American Heritage® Dictionary of the English Language, Fourth Edition
- Sackville, Thomas. First Earl of Dorset and Baron Buckhurst. 1536-1608. English political adviser and poet who collaborated with Thomas Norton (1532-1584) on the blank-verse drama Gorboduc (1561), the first tragedy written in English.
“Mr. Gray" the jeweller in Sackville Street, ;”
“We’ve been talking about Sitwell, and there are similarly some liabilities of style and sensibility in Sackville-West’s verse – but overall, these are delightful (and occasionally dark) works that really try to reflect the rhythms of cultivation.”
“Well, in the first place I did not, of course, see the bear in the city, but in a place called Sackville -- a section of country about five miles long, and extending over hill and dale and valley; through woods and across streams.”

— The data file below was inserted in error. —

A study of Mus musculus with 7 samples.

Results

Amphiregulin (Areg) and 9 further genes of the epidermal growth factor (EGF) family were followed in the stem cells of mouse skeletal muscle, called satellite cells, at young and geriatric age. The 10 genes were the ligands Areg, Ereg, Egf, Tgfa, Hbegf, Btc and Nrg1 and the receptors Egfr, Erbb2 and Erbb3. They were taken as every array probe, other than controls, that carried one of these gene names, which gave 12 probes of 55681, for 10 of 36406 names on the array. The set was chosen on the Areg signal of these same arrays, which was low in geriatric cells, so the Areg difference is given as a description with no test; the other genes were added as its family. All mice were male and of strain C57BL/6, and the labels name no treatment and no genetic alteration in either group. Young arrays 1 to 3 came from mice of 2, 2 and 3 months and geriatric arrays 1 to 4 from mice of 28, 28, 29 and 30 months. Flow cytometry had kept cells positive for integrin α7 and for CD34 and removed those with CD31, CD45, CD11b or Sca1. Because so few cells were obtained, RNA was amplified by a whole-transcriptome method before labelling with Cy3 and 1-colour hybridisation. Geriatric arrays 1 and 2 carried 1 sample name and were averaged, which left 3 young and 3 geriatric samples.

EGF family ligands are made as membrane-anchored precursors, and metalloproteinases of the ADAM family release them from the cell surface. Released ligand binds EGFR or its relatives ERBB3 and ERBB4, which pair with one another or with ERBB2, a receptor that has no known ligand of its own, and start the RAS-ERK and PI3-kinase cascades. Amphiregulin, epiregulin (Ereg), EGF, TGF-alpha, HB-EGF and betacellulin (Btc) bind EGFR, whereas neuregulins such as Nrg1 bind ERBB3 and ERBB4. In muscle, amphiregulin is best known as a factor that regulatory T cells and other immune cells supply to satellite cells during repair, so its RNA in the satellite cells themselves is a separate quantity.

“Now he stopped calling Sackville and began to call "Anglesy.”
“This lovely spot was known as Sackville's Mill-dike.”
“This lovely spot is now known as Sackville's Mill-dike.”
“Lady Middlesex is breeding-the child will be well-born; the Sackville is the worst blood it is supposed to swell with.”
“The Sackville is the only surviving example of those small but indomitable ships.”
“No word as of yet on who will portray those greedy Sackville-Bagginses or whether Jackson will figure out a way to shoehorn Viggo Mortensen into the production.”
“Hers was a parallel with another 'human story' of love between two literary women: Virginia Woolf & Vita Sackville-West happening nearly simultaneously across the pond in England.”